This is by far my favorite DS RPG; in fact, it is the truest in name of most RPGs created in years. I was initially interested in the game due to the incredible 2D art used for characters and enemies. Then I noticed that battles were handled in a style similar to Dragon Quest. All of this old-school goodness had me spellbound. The 3D graphics in the forest looked decent in screen shots, but I did not fully appreciate the artistry until I saw the game in motion, complete with ambient sounds - the labyrinth truly came to life. The final bit that convinced me to allow myself to be excited for Etrian Odyssey was the developer diary blog. I loved reading the thoughts of the director and getting a behind-the-scenes look at the challenges of localization. Something that Kazuya Niinou wrote really caught my attention. He posed the question: "When your party stays at the Inn overnight, what do they eat?" This made me realize how much of a misnomer RPG was. In most RPG games, you somewhat control the characters but they have defined personalities and a story that has specific beginning and ending points. There is little to no role playing.
This thought made me really think about fitting names for my party. Certain psychological attributes are associated with each characters' name. Giving the player the ability to name a character and define that character's personality is very powerful. I soon found myself somehow attached to characters who should have been no more than stats. I would debate over the most fitting way to spend their ability points; I thought about how the group dynamic would work. These decisions, which seem minor, really forced me to feel that the world in Etrian Odyssey was a living, breathing world - sometimes relaxing and calm, other times dangerous and tense.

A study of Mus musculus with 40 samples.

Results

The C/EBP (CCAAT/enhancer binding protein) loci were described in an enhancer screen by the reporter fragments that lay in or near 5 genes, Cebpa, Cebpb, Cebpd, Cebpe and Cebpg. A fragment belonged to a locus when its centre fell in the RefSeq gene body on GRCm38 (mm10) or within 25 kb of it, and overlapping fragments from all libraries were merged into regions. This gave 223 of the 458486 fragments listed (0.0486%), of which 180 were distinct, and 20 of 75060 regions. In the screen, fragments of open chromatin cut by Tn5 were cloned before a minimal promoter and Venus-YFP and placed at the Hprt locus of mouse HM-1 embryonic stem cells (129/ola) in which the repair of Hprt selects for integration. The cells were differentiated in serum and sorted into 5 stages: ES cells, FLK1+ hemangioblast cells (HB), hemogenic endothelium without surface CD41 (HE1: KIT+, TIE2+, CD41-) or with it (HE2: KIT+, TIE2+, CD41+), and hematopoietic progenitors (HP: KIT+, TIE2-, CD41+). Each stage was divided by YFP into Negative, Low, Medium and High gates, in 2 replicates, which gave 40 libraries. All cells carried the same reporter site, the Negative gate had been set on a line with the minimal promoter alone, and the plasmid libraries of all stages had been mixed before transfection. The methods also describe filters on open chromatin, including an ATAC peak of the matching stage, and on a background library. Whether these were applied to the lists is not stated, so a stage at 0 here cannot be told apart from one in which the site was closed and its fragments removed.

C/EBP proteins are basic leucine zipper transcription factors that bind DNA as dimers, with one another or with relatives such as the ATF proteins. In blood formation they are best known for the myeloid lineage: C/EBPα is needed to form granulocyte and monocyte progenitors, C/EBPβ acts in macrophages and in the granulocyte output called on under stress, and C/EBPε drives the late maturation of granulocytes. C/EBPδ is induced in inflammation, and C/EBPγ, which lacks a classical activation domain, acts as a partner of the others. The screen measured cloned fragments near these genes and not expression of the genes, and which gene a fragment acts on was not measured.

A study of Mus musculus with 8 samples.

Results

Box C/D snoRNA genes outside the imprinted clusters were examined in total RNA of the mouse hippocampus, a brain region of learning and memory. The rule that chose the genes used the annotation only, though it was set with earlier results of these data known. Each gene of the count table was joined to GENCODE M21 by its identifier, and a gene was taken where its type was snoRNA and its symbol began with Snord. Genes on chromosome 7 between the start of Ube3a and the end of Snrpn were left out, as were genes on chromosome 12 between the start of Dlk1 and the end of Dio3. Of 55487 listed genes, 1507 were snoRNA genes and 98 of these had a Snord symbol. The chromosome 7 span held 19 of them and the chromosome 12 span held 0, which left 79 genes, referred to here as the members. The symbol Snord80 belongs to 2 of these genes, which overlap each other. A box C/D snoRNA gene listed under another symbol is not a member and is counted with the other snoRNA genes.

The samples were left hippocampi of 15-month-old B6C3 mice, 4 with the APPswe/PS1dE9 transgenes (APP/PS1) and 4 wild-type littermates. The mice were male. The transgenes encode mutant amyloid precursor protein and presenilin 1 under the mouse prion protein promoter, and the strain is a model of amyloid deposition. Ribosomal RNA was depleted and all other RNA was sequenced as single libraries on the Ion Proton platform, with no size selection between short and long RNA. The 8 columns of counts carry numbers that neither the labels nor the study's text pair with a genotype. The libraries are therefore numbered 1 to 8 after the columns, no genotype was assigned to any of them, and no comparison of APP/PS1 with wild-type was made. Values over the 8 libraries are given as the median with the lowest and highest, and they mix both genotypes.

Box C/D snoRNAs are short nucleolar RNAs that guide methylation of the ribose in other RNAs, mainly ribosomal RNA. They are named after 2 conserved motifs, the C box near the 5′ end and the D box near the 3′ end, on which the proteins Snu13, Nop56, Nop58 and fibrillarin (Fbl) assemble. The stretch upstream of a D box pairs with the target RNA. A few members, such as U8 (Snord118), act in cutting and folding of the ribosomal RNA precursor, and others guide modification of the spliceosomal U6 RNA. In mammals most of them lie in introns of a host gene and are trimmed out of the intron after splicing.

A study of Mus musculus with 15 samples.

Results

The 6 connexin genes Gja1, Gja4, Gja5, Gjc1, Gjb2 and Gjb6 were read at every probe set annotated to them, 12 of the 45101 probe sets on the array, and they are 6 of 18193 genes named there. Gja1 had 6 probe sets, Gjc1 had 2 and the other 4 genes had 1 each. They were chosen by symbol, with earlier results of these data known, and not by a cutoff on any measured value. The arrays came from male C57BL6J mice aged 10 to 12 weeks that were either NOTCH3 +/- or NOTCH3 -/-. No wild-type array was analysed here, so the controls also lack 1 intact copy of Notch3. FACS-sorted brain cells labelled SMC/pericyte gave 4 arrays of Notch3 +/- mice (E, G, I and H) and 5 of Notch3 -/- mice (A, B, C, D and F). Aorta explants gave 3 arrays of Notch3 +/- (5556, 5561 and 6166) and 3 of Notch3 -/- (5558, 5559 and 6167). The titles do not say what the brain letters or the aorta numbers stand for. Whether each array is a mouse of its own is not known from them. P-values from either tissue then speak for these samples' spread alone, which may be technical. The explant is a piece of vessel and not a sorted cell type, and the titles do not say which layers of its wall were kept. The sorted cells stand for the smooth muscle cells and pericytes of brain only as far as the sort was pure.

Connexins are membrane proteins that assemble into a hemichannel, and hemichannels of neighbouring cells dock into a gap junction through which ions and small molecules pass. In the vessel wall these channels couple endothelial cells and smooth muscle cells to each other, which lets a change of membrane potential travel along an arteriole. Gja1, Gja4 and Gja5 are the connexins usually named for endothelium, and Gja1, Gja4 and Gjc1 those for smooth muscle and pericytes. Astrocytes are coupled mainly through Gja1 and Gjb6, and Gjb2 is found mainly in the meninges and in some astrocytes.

Clan Nihil Front line Mamoru, the protector
Mamoru, named after the Japanese word for protect, was the matron of the group. Through the course of the adventure, she specialized in providing defense for weaker characters and healing. Although a decent fighter, her focus was ensuring that everyone survived. Yusuke, the landsknecht
The center of my front line is Yusuke. Named after Yusuke from YuYu Hakusho, he is all offense. He charges in without thinking and gets by on brawn alone. He'll fight anyone and anything without a single thought of whether or not he can survive. Yusuke mostly uses axes as they do intense damage and that's his goal. Despite his rowdy exterior, Yusuke fights to protect the other members of his team. Everyone will be safe once the enemies are defeated.
Kira, the protector
Kira, named after the character from Gundam SEED, is a protector who focuses on offense. He can cast some healing spells, but his sword work and shield attacks are his main focus. Like Yusuke, Kira is driven to protect his friends and he does so by attacking first. Kira falls somewhere between Yusuke and Mamoru; he's not as tough as Yusuke and cannot protect as well as Mamoru but not for lack of trying. I added Kira to the party later in the game, so I see him as a younger brother who has to work twice as hard to pull his own weight.
The rear line Lacus, the survivalist
Lacus, also named after a Gundam SEED character, is the most pragmatic of the bunch. She operates in a methodical manner and her philosophy is one of balance. The survival of the group is her first priority, but she prefers to avoid combat whenever possible. Lacus' bow skills are top notch as is her special attacks; however, she often provides support to the team by hindering enemies through confusing distractions or the binding of an enemy's limbs.
Genki, the medic
Genki, which is Japanese for health, is the most vulnerable of the bunch, but also the most outgoing. She constantly attends to the party's well-being and often sacrifices her own safety to treat the injured. Genki is that girl in school that goes out of her way to be kind to everyone, never expecting anything in return. This has earned her the trust and friendship of the other team members. (I think I watch too much anime.)
The most striking aspect of Etrian Odyssey is the emotion it invokes - the calmness felt while wandering through the quiet forest, the sense of wondering what will happen next, the excitement of finding a short cut, the thrill of defeating an FOE, the sense of accomplishment as the labyrinth is slowly charted and conquered and a real investment in the player-created characters.